Yesterday September 16 was a vital day for the world but unfortunately most people were not even aware of it though at one point it meant life or death for millions of people. In 1994, the United Nation’s General Assembly proclaimed September 16 as the International Day for the Preservation of the Ozone Layer. It marked the date of the signing, in 1987, of the Montreal Protocol on Substances that Deplete the Ozone Layer.
The ozone layer, a fragile shield of gas, protects the Earth from the harmful portion of the rays of the sun, thus helping preserve life on the planet. The phase-out of controlled uses of ozone depleting substances and the related reductions have not only helped protect the ozone layer for this and future generations, but have also contributed significantly to global efforts to address climate change. Furthermore, it has protected human health and ecosystems by limiting the harmful ultraviolet radiation from reaching the earth, the UN says.
The theme for this year’s International Ozone Day recognizes the collective efforts of the parties to the Vienna Convention and the Montreal Protocol towards the restoration of the ozone layer over the past three decades and the global commitment to combat climate change. Researchers from the University of Leeds and the Massachusetts Institute of Technology (MIT) in the United States, have confirmed the first signs of an increase of ozone -- after the hole in the ozone layer above Antarctica was first detected in 1985.
Another study published by researchers from the World Meteorological Organization (WMO) and the UN Environment Programme (UNEP) says that the recovery is entirely due to political determination to phase out the man-made Chlorofluorocarbon (CFC) gases destroying ozone.
According to experts, CFCs once described as miracle chemicals, cause the breakdown of the ozone layer. CFCs have no significant natural sources. They were first manufactured in the 1930s, and industries soon found a wide variety of applications for them due to their chemical unreactivity and heat-absorbing properties. CFCs have been used as refrigerants, in air conditioners and refrigerators, in aerosol spray cans, in manufacturing foams as industrial solvents, and as cleaning agents in the manufacture of electronics. Sri Lanka also widely use these. Once the U.S. chemical industry gave them the trade name of “Freons,” and the term had since become a household word.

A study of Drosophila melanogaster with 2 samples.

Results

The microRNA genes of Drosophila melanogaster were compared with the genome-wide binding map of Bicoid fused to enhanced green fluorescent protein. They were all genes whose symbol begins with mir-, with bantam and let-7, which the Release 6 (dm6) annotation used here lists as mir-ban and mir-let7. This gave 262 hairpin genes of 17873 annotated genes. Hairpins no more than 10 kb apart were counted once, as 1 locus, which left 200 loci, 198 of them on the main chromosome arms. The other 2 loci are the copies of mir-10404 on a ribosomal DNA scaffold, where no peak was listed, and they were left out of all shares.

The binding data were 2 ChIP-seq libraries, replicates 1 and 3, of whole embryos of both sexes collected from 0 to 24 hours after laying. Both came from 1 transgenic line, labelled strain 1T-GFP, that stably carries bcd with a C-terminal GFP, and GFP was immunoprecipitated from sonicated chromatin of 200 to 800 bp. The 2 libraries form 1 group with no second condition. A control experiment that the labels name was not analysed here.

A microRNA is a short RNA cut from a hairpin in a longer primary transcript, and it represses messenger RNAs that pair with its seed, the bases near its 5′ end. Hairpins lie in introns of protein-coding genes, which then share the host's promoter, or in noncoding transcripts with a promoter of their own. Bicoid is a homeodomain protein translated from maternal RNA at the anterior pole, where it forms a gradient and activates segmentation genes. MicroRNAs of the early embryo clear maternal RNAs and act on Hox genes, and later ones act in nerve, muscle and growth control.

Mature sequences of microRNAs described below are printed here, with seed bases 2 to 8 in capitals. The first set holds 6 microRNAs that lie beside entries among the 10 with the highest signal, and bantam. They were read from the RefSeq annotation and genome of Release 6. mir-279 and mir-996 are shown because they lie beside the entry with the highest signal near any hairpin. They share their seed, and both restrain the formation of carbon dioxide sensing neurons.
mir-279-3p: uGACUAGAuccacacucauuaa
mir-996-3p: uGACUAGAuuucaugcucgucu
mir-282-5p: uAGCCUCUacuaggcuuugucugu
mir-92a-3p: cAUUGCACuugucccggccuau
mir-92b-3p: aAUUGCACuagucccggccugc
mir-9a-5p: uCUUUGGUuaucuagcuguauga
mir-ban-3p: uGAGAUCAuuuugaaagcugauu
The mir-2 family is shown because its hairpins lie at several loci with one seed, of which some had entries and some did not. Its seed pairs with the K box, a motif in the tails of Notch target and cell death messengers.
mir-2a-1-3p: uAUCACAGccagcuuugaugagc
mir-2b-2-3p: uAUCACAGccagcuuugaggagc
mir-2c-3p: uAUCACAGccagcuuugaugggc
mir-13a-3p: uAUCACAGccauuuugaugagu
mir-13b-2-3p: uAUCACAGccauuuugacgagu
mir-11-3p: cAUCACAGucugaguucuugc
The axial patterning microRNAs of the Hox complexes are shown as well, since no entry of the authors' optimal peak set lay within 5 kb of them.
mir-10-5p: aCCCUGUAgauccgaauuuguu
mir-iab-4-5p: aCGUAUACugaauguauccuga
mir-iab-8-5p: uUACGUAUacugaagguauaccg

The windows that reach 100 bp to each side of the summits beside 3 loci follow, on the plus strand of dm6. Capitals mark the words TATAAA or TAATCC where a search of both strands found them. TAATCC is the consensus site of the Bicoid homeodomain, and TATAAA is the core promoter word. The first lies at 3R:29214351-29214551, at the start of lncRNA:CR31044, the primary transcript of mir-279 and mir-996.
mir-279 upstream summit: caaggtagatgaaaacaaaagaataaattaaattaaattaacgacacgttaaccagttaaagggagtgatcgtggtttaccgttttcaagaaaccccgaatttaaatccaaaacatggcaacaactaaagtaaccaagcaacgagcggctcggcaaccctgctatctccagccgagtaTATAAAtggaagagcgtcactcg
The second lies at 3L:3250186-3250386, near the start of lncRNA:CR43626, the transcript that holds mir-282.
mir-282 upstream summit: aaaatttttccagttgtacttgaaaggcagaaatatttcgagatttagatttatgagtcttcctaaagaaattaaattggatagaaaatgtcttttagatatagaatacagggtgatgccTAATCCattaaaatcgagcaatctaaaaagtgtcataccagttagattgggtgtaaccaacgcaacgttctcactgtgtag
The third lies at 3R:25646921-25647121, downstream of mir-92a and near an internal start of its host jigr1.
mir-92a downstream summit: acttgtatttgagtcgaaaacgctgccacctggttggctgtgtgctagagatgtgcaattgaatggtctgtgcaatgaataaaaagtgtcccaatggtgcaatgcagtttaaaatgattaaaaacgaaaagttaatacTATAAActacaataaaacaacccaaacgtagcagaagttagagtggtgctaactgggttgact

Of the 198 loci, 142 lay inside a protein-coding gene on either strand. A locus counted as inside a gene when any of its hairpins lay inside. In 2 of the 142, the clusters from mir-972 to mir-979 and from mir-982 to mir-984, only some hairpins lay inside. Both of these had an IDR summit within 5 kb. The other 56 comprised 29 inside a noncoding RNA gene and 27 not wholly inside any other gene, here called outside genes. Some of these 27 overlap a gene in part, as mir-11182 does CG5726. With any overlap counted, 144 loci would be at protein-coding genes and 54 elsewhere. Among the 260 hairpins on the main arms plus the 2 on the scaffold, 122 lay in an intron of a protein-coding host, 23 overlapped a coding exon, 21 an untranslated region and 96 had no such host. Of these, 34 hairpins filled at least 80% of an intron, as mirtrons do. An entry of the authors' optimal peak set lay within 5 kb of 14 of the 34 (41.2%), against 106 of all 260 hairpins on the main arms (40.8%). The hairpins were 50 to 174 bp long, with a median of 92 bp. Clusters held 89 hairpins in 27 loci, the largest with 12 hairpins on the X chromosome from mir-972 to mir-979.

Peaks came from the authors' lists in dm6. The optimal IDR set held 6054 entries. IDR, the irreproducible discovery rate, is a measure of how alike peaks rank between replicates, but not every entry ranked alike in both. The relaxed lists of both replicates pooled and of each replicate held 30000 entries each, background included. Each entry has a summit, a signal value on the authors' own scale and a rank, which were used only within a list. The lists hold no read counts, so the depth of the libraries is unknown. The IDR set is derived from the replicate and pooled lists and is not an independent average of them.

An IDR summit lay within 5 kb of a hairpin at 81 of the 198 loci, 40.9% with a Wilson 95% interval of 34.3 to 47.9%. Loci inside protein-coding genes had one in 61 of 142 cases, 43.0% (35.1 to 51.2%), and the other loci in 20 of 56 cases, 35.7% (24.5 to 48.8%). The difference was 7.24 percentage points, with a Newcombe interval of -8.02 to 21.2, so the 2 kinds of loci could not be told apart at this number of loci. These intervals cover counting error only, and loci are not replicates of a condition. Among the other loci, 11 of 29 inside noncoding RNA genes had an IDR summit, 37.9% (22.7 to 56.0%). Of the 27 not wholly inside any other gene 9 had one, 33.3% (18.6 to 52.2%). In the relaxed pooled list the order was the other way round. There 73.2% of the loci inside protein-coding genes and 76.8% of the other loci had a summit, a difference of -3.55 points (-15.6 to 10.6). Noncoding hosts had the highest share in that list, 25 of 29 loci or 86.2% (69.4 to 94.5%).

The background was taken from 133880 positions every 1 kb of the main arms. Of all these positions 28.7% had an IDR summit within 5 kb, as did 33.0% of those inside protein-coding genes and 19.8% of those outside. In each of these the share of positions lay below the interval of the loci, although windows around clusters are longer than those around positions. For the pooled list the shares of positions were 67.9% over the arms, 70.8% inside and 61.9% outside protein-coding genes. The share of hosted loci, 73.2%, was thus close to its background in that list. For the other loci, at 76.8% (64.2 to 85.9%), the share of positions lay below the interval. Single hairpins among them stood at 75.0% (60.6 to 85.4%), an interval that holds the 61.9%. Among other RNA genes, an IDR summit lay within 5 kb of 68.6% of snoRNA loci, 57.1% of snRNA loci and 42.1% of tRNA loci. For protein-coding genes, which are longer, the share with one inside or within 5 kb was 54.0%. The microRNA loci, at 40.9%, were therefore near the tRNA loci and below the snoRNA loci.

In Sri Lanka when Ozone-friendly, CFC free labels started to appear in the early ’90s on products such as refrigerators, to many, it seemed just another marketing strategy but these ozone-friendly alternatives may save lives. Being a Third World country, one might have thought that Sri Lanka would lag behind in achieving such international commitment. But on the contrary, the National Ozone Unit (NOU) of Sri Lanka has driven all parties to achieve the Montreal targets ahead of the allotted time. In recognition of its efforts, the NOU received the award for Best Implementers of the Montreal Protocol in 2007 in Montreal in Canada during ceremonies to celebrate the 20th anniversary of the Protocol.
According to the United Nations Development Programme’s report on Sri Lanka, CFCs were replaced by the less damaging hydrochlorofluorocarbons (HCFCs), which is now being systematically replaced by hydrofluorocarbons (HFCs). Though HFCs do not contribute to ozone depletion, they are potent greenhouse gases contributing to global warming and climate change. Over the last 10 years Sri Lanka has been increasingly affected by a number of floods, droughts, landslides, and occasional cyclones and these are projected to worsen with climate change.
To reduce air pollution we need to restrict the use of fossil fuels mainly petrol or diesel in the increasing number of vehicles in Sri Lanka. Public transport needs to be streamlined and made comfortable so that more people will use it instead of private vehicles and thus reduce the unbearable traffic congestion also. In addition, with incentives from the government, more people also need to turn to renewable sources of energy such as domestic solar panels which are being offered at concessionary terms. In these and other ways, patriotic citizens will be helping Sri Lanka not only to ratify but also to implement the December 2015 Paris Agreement to reduce global warming.